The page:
Everybody knows being sedentary is bad for your heart. But a new study suggests excessive TV time might be particularly bad for African Americans–and it was linked to more of a risk than having a job that requires sitting all day.
The study published last week in the Journal of the American Heart Association said African Americans who watched more than four hours of television every day faced a 50 percent greater risk of heart disease and premature death compared to those who watched less than two hours.
But researchers also said the link between television watching and heart disease was not found in people who were physically active at least 150 minutes a week, which suggests exercise could offset the risks from binge-watching.
“TV watching occurs at the end of the day where individuals may consume their biggest meal, and people may be completely sedentary with hours of uninterrupted sitting until they go to bed,” lead study author Jeanette Garcia said in a news release.
TV viewing is the most prevalent sedentary behavior in the United States, the study said. Given that African Americans report watching from 20 percent to 30 percent more TV than white Americans, researchers suggested getting people to cut back could be a potential target for improving the health in that high-risk group.
“Eating a large meal and then sitting hours at a time could be a very harmful combination,” said Garcia, a professor of kinesiology and physical therapy at the University of Central Florida in Orlando.
“Snacking may also be an issue and, unfortunately, individuals typically are not snacking on fresh fruits and vegetables, but rather potato chips or other sweet or salty, high-calorie foods,” she said. “At a desk job, workers are often getting up, going to a copy machine, talking with a colleague, going to a meeting or to the break room. It’s not hours of uninterrupted sitting.”
The study, in fact, saw no correlation between sitting at work and a risk of heart disease, matching findings from other researchers.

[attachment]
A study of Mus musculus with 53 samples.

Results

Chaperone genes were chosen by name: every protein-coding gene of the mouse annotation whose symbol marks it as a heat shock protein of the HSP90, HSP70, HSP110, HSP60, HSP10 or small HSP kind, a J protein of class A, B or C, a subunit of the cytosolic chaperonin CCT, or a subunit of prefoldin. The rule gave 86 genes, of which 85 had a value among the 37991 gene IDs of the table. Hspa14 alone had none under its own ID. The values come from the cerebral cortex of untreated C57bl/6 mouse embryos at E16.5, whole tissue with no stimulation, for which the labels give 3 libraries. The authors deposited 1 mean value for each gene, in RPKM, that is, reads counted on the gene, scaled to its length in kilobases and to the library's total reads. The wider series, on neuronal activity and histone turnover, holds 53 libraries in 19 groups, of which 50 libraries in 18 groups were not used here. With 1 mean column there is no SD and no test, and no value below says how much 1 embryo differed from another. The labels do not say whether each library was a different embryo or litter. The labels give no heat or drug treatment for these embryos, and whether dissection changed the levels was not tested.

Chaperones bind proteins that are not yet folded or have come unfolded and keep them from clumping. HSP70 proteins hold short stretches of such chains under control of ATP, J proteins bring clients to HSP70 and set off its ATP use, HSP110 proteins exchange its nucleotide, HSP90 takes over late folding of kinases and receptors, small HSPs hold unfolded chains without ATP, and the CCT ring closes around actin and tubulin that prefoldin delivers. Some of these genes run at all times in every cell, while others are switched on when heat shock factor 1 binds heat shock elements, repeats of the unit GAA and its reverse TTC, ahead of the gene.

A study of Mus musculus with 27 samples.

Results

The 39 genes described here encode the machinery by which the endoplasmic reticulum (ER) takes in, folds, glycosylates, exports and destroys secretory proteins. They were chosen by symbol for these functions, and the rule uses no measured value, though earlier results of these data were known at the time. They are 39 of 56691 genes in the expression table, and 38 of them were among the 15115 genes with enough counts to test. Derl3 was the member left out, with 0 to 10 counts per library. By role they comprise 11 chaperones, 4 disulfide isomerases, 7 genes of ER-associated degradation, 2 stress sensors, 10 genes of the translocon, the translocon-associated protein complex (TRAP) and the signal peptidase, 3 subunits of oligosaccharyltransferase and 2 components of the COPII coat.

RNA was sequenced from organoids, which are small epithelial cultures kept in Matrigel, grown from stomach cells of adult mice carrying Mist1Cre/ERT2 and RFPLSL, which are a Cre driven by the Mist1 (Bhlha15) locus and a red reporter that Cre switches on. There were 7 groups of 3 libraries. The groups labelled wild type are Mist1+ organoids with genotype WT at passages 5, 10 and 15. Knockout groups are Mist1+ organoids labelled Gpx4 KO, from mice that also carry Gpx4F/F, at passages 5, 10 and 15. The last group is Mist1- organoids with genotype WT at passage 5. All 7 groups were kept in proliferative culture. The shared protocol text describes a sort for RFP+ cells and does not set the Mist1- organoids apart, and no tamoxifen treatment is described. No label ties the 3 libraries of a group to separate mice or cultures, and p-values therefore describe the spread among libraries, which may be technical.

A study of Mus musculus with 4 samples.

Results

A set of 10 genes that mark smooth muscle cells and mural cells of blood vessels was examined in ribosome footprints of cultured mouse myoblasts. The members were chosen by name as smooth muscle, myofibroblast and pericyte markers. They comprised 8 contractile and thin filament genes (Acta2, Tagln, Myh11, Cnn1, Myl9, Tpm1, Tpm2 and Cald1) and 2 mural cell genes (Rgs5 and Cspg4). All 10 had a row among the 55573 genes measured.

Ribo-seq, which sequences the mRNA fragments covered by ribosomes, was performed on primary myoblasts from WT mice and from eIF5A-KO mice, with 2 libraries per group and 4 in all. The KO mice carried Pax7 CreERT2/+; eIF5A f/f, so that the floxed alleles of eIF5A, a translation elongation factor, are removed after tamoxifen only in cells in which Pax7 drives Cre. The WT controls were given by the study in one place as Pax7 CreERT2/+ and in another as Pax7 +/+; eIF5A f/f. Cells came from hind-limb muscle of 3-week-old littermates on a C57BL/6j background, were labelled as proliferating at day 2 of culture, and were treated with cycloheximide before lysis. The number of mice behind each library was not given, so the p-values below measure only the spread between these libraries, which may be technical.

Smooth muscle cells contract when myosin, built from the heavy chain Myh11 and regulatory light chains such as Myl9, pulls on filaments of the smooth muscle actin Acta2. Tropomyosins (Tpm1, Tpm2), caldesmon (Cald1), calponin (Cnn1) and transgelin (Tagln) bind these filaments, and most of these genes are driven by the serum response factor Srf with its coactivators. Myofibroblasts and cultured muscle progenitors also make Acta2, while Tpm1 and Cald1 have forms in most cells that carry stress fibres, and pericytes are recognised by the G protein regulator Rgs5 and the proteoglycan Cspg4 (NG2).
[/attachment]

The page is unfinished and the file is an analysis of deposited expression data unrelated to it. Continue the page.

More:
Excessive TV time is probably harmful for any racial or ethnic group, researchers said, and they plan to further study why it might be a more harmful sedentary behavior.
Meanwhile, Garcia said doctors might want to ask their patients about their TV watching habits. Those who like to watch TV can take preventive measures, such as taking a brisk walk or jog, to offset the health risks.
Growing evidence has linked sedentary behavior to several risk factors for heart disease and stroke, including high blood pressure, obesity and Type 2 diabetes. African Americans experience disproportionately high rates of heart disease and stroke and a greater risk for cardiovascular disease at all ages, as well as a lower life expectancy by about five years compared with whites.
For the study, researchers reviewed data on 3,592 adults enrolled in the Jackson Heart Study, an ongoing community-based study following African Americans living in Jackson, Mississippi. Television habits, hours spent sitting at a desk and exercise were self-reported. During a follow-up period of more than eight years, there were 129 cardiovascular disease events, such as heart attacks, and 205 deaths.
Study participants who reported spending more time sitting at work were more likely to be female; younger; have a higher body mass index; higher family income; eat a healthier diet; and engage in more moderate physical activity. They were less likely to smoke or drink a lot of alcohol.
Those who watched several hours of television, on the other hand, were more likely to report lower incomes and education status; less physical activity; a higher BMI; being a current smoker; unhealthy eating; drinking heavier amounts of alcohol; and having high blood pressure.
Nearly one-third reported watching less than two hours of television daily; another 36 percent reported watching two to four hours; and 31 percent said they watched more than four hours of television.